Maryland Cove Point LNG feedgas drops after Virginia natgas pipe fire

(Reuters) - The shutdown of part of Canadian energy company TC Energy's Columbia Gas Transmission Pipeline in Virginia after a fire on Tuesday has reduced the amount of gas flowing to the Cove Point liquefied natural gas (LNG) export plant in Maryland, the plant told customers.

Columbia Gas declared a force majeure and isolated a section of its pipeline after detecting a pressure drop due to an unplanned incident in Strasburg, Virginia, on Tuesday.

Berkshire Hathaway Energy's Cove Point said in a note to customers that gas supplies from Columbia Gas's Loudoun LNG interconnect were currently at or near zero.

Cove Point, which can get gas from other pipes, was on track to pull in about 0.4 billion cubic feet per day (bcfd) of gas on Wednesday, down from an average of 0.8 bcfd in the months prior to the Columbia pipeline incident on Tuesday.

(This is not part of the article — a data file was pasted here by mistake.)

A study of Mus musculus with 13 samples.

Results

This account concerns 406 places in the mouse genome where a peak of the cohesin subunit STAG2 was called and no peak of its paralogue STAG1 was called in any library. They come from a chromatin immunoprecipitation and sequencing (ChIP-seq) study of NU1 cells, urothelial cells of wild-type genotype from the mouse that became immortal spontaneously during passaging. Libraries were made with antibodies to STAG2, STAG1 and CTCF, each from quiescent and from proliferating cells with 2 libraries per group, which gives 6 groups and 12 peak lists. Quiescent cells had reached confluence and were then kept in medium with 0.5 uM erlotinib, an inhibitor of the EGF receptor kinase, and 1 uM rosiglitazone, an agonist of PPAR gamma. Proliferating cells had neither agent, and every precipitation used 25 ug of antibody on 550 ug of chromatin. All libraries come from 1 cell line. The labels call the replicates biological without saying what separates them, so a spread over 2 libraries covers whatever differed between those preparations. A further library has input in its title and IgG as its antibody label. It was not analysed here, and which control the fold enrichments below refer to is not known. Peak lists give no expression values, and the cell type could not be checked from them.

One billion cubic feet is enough gas to supply about five million U.S. homes for a day.

The fire was extinguished on Tuesday. TC Energy did not say if the fire caused the drop in pipeline pressure.

There were no reported injuries to workers or members of the public and a section of the affected pipeline remains shut, the company said on Tuesday.

A source told Reuters that the U.S. Department of Transportation's Pipeline and Hazardous Materials Safety Administration (PHMSA) is investigating the rupture associated with the 26-inch gas pipe.

On Monday, the day before incident, TC Energy said it will divest a 40% interest in its Columbia Gas Transmission and Columbia Gulf Transmission pipelines for C$5.2 billion ($3.95 billion) to Global Infrastructure Partners (GIP).

The pipelines span more than 15,000 miles (24,140 kilometers) and deliver a substantial portion of daily U.S. gas demand, including about 20% of U.S. LNG export supply, according to TC Energy.